This very insightful article on Bioprocess Online comes from a conversation with a panel of experts in Biopharma investigations and CAPA programs: John Wilkes (AstraZeneca), Clifford Berry (Takeda), Amy D. Wilson, Ph.D. (Biogen), and Jim Morris (NSF Health Sciences). You can read the whole article here:
The main premise of the article is about investigating deviations involving human error. Some pharma sites are experiencing high numbers of these types of deviations, which may be indicative of less than effective causal analysis efforts. The article also points out that investigations and subsequent actions taken to prevent recurrence are not as productive as they would like, and that there are obstacles to achieving human performance improvements.
As a causal analysis practitioner for over 30 years in the nuclear industry, I wanted to thank the panel for their excellent insights into how Pharma approaches these investigations. The (well written) article struck a chord with me and prompted me to make a few observations.
There are a few common themes that consistently surface when I read articles from aerospace, healthcare and pharma. One theme is that the traditional root cause analysis (RCA) approaches do not often lead to the deepest-seated causes, and corrective actions tend to fall short. I would like to offer a few reasons based on my experience as to why many of these traditional approaches fall short.
After decades of conducting RCAs, audits and assessments at nuclear power plants, the US National Laboratories and the nuclear weapons complex, I determined that the classic definition of a "root cause" has been allowing investigations to stop too soon. Most industries have adopted a variation of the following: a root cause is a causal factor that, if eliminated, the problem will not recur. With this traditional definition, RCA efforts stop as soon as they identify the root causes for the specific event being investigated (i.e. the event root cause). True root causes are deeper than that, so consider a revised definition: Root causes are the deepest-seated causes for an event or condition, which, if corrected or eliminated, would preclude repetition of, not only the event or condition being analyzed, but also many other conditions affecting past and future performance. With this definition, methods will have to be adjusted to probe deeper.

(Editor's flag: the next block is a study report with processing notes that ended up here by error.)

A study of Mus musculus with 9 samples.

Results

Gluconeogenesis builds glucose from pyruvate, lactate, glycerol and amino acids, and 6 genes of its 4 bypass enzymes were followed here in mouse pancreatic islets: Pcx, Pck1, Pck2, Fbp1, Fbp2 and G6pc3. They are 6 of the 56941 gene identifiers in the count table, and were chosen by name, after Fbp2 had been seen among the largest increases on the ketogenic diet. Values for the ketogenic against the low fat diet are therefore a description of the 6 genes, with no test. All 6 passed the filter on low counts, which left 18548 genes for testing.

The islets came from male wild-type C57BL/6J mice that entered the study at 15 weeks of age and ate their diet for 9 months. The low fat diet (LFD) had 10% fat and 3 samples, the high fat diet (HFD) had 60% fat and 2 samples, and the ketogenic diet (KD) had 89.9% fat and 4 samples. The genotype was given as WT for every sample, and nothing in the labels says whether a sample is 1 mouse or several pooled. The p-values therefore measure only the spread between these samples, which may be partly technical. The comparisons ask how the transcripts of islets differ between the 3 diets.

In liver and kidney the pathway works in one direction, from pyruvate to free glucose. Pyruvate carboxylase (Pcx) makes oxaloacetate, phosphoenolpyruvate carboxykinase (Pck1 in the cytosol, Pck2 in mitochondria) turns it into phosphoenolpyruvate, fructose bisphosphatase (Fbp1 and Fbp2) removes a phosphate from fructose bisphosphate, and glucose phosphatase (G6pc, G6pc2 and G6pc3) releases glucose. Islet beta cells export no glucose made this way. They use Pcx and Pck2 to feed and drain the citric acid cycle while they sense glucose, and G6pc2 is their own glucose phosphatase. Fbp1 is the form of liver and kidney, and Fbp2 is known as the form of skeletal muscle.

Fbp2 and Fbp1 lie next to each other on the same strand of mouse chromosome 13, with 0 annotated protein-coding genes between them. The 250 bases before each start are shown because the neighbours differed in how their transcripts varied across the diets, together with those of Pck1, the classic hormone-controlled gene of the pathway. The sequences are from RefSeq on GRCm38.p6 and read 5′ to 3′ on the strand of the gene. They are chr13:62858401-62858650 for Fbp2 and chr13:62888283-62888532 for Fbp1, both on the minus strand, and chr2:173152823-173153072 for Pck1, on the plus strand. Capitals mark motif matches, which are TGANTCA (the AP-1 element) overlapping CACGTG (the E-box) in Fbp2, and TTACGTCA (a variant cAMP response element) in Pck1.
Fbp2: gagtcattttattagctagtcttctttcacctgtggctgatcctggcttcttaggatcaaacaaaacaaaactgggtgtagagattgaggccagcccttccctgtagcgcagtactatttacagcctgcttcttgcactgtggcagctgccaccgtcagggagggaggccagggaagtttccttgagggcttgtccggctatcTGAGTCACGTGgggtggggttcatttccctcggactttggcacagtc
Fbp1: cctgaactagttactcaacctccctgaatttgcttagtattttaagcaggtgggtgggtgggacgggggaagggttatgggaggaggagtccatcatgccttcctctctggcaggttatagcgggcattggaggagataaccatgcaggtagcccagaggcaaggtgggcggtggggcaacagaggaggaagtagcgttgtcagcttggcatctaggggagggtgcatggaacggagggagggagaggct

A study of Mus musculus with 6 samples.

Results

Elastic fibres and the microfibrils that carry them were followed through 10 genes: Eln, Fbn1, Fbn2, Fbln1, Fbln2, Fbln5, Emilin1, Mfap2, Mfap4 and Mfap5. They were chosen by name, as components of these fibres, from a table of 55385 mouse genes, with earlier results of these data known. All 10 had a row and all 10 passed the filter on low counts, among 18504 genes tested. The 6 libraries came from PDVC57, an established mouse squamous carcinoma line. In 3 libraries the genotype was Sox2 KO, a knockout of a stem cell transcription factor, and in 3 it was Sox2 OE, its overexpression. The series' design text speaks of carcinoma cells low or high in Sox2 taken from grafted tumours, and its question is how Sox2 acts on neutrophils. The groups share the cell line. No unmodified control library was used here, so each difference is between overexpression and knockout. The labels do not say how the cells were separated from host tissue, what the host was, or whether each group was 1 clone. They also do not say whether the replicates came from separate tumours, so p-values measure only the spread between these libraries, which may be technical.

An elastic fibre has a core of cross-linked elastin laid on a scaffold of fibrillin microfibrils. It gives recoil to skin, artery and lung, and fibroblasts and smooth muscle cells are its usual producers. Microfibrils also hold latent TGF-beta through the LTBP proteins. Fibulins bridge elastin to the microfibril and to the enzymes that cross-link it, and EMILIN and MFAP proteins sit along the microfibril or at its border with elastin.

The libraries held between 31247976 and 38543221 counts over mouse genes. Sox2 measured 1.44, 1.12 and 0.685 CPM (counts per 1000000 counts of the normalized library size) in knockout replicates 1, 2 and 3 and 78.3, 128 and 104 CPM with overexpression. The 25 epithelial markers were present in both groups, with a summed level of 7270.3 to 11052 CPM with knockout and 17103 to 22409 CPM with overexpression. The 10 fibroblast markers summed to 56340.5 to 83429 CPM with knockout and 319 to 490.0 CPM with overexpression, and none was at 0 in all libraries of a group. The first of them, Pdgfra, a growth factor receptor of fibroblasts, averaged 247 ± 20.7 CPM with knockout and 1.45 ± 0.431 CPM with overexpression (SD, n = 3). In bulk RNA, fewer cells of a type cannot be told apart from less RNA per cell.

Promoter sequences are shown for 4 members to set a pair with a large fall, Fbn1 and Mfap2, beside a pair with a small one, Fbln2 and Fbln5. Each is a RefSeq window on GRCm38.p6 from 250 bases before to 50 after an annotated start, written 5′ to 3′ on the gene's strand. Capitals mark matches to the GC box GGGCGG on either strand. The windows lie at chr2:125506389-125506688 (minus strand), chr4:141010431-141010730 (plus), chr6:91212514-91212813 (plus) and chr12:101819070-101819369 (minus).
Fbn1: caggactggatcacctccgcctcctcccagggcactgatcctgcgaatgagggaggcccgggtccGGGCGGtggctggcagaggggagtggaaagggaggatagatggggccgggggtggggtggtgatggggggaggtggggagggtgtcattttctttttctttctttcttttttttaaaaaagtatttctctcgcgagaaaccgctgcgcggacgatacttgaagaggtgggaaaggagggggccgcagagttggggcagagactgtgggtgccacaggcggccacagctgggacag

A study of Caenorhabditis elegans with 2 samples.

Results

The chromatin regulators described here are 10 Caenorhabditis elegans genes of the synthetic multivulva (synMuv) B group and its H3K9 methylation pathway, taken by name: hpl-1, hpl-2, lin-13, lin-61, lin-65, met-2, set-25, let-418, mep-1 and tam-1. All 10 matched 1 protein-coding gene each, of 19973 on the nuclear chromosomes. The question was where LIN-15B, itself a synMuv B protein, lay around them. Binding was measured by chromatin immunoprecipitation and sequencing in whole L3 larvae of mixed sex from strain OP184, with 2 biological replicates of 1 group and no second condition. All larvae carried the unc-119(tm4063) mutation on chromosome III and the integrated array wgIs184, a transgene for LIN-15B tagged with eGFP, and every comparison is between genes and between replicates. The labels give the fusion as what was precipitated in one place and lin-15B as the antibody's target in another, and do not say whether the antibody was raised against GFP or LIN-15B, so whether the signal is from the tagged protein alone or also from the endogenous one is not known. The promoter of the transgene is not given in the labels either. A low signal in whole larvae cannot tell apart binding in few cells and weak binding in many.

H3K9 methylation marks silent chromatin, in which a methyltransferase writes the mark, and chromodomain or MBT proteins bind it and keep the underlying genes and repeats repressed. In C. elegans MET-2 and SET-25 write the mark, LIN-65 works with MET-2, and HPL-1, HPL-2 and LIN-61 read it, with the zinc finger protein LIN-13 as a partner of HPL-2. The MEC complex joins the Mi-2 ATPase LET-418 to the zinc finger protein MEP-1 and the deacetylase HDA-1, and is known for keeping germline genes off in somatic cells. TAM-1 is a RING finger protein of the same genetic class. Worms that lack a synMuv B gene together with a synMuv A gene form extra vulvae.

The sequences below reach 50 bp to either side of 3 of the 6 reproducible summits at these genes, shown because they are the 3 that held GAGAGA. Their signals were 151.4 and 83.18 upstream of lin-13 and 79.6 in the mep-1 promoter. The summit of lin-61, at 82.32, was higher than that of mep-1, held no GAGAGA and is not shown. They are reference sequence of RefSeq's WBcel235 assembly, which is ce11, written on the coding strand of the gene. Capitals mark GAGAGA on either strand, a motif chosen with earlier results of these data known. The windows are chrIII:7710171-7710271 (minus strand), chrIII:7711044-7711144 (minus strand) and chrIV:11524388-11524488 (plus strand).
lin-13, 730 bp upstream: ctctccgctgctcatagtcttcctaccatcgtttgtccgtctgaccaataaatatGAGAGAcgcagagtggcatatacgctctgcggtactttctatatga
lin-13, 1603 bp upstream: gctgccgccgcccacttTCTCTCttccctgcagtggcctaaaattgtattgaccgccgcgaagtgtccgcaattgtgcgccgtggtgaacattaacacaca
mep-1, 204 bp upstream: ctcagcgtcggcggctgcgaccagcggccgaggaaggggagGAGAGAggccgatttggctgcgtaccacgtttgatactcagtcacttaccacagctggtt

Another explanation is that the traditional tools and techniques used to conduct causal analysis in energy, aerospace, healthcare and pharma are not as effective as you might think. (I use the term causal analysis to envelope RCA and all other levels of effort). Many organizations have compiled a RCA "tool kit" comprised of a number of approaches that are used as appropriate. I'm familiar with most of those tools, having taken many problem-solving courses in my career such as Kepner-Tregoe, Phoenix, TapRoot, MORT, Lean Six Sigma, Kaizen Team Leader Training, Human Performance Evaluation System (HPES) and others. If your organization is still using the Fishbone, the Five Why's, Barrier/Task/Change Analysis tables and Events and Causal Factors Charts, you will not get the best results. And if you do, it likely took a huge effort with a number of smart people on the team. I liken it to driving a horse and buggy while some of us are driving a Ferrari. Today's working environment values (demands) speed, accuracy, flexibility and efficiency. These traditional tools are used separately and then brought together like pieces of a puzzle, which can be time consuming and difficult at best.
Lastly, there is a tendency to view problems in silos. For example, we tend to classify issues as human errors, equipment failures or by other trend codes. We then seek a specific tool to address that particular problem area. For human errors, we break out one of the traditional and proven methods such as HPES. However, please consider the following perspective. There are complex problems that are solved by math and science, so I am not speaking to those. There is another universe of complex problems that are difficult to solve because they involve humans, and I call those "complex, human-centric problems." Complex, human-centric problems are a complex combination of human errors, equipment/tool/material interface issues, and organizational and programmatic weaknesses. These problems require critical thinking and complex problem-solving skills that are not typically taught in mainstream academia, requiring a deep understanding of causal analysis methods and techniques. However, traditional methods/tools that are currently in use in most industries are not equipped to manage and solve those kinds of problems with one seamless and efficient approach. It takes a method like BlueDragon Hyper-Integrated Causal Analysis (HCA) to solve those types of problems, using an integrated set of tools that attacks these problems from multiple perspectives. HCA arrives at the deepest-seated causes of much more than the event being investigated, and does so in a matter of hours and days and not weeks and months. HCA is a modern version of RCA that is in wide use at the National Labs and the nuclear weapons complex.